A Nigerian Police Officer patrols an area of destroyed and burned houses after a recent Fulani attack in the Adara farmers' village of Angwan Aku, Kaduna State, Nigeria, on April 14, 2019. - The ongoing strife between Muslim herders and Christian farmers, which claimed nearly 2,000 lives in 2018 and displaced hundreds of thousands of others, is a divisive issue for Nigeria and some other countries in West Africa. (Photo by Luis TATO / AFP)

Nigeria on Friday rejected the findings of a UN report on violence in the country accusing it of simply blaming the government of President Muhammadu Buhari.

“While we agree that the violence in Nigeria, or in any country, is a major concern and that there is a rippling effect, we are disappointed that the rapporteur was silent on intra-group violence,” presidential spokesman Garba Shehu said in a statement.

Shehu said defended the government saying it was trying its best to end the violence.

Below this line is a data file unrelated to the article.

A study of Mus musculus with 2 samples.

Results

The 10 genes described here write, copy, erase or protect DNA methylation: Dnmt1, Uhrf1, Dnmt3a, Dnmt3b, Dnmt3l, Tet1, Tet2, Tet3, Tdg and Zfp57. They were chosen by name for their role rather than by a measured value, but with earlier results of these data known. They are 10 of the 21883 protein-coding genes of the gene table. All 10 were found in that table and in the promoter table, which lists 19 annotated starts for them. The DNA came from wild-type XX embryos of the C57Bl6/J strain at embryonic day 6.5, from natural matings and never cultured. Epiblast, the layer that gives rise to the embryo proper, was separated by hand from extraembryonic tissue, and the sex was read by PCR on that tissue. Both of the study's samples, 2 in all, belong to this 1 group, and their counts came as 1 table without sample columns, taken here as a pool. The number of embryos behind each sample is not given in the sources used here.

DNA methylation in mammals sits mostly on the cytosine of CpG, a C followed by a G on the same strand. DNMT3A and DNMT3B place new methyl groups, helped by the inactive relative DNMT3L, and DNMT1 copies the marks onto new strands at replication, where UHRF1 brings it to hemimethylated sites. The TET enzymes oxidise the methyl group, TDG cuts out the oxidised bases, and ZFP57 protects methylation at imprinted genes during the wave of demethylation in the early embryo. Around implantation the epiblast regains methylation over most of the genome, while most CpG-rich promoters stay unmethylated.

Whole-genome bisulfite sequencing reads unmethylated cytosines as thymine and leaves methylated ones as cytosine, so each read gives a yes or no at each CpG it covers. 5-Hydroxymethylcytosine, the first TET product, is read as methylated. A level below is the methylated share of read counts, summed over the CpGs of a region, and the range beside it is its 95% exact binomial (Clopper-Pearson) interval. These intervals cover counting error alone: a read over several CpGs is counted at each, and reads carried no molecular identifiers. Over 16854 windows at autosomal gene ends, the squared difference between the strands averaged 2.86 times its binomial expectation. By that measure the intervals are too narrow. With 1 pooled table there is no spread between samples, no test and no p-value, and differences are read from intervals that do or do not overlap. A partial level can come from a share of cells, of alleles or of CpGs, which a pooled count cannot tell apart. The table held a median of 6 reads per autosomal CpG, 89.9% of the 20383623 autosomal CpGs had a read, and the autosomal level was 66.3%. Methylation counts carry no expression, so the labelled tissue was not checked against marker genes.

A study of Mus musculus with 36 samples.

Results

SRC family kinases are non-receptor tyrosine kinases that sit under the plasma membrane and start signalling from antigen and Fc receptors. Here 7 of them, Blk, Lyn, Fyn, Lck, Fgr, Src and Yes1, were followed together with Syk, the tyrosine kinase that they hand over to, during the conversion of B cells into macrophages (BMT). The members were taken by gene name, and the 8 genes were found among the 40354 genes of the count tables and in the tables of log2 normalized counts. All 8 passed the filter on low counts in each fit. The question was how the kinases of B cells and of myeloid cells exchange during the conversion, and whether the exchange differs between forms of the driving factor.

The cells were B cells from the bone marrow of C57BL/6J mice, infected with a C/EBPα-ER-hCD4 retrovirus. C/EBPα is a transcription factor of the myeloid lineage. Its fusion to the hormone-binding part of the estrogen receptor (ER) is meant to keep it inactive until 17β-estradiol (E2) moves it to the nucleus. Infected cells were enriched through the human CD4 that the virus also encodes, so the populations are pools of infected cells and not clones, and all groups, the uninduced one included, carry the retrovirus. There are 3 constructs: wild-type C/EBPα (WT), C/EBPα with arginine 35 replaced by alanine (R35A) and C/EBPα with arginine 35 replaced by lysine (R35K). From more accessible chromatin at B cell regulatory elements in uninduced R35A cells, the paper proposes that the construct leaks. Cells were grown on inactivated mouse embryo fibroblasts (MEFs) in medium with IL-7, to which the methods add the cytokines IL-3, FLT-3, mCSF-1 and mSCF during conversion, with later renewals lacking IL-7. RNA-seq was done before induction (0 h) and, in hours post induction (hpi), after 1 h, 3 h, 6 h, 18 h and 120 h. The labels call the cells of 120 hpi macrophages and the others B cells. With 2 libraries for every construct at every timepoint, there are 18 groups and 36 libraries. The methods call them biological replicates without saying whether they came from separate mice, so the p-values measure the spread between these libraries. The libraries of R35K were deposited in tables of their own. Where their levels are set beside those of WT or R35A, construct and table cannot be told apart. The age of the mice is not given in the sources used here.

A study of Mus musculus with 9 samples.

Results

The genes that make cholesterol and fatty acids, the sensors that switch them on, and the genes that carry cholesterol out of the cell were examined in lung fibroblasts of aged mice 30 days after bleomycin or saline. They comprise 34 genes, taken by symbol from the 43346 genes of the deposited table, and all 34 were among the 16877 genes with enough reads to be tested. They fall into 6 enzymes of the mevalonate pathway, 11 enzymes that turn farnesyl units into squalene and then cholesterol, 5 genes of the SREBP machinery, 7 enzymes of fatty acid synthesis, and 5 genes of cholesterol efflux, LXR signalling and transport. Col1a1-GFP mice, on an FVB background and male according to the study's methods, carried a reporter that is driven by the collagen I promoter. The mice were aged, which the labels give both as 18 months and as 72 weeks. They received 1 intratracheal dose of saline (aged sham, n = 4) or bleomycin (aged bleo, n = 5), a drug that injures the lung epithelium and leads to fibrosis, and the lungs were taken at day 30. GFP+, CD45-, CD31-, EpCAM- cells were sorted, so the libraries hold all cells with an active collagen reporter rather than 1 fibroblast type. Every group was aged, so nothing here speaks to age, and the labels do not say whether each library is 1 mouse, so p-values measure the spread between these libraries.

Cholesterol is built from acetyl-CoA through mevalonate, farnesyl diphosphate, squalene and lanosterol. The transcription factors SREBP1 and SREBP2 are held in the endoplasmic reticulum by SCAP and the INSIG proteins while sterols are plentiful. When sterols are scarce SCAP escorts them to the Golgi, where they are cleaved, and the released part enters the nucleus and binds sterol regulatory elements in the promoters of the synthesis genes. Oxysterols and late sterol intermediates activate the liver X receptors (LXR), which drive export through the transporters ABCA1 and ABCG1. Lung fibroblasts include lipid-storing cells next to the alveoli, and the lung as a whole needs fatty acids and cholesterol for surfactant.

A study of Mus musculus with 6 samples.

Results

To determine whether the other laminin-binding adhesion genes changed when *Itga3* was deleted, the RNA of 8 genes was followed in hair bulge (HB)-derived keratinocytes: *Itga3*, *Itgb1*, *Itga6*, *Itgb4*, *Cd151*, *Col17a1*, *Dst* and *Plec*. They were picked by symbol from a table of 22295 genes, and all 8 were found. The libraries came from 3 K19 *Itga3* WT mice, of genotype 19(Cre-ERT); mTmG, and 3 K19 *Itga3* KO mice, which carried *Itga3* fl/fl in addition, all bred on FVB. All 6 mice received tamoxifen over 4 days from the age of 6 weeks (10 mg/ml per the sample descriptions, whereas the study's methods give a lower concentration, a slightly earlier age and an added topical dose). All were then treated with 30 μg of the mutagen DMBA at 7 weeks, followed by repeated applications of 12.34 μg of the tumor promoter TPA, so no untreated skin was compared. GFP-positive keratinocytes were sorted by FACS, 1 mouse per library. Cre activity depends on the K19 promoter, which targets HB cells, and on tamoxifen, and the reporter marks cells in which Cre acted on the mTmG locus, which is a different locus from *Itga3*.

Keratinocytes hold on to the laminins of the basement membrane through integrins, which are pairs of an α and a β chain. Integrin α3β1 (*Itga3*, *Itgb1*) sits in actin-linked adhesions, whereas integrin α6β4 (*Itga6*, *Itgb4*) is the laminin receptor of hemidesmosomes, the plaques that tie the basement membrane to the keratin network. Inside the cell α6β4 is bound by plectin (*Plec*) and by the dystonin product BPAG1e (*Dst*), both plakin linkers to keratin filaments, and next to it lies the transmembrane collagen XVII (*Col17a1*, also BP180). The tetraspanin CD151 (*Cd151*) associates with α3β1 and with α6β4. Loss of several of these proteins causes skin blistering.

“There is absolutely no doubt that violence between farmers and herders, which has a long history in our country spiked in recent years but the effectiveness with which the federal and state authorities responded made a big difference,” he said. 

Calm has virtually returned to all parts affected by the peculiar violence, he added.

Shehu called for the support of the UN rapporteur in reporting government efforts to end the conflicts, rejecting a report that he said “scratches the surface of the subject then ends up blaming the government under the able leadership of President Muhammadu Buhari”. 

In a preliminary report at the end of a 12-day visit to Nigeria, Special Rapporteur Agnes Callamard accused the government of not doing enough to end the violence between herders and farmers in central Nigeria as well as the kidnappings for ransom and banditry in the northwest which have claimed thousands of lives in recent months.

The report also called on Nigeria to stop extra-judicial killings by security forces in the country.

Local and global rights groups, including Human Rights Watch and Amnesty International, have accused Nigerian security agents of abuses and summary executions of suspects.

Hundreds of Boko Haram detainees have been killed over the decade-long jihadist uprising, while dozens of civilians have died in police custody.

The security forces have repeatedly denied the allegations.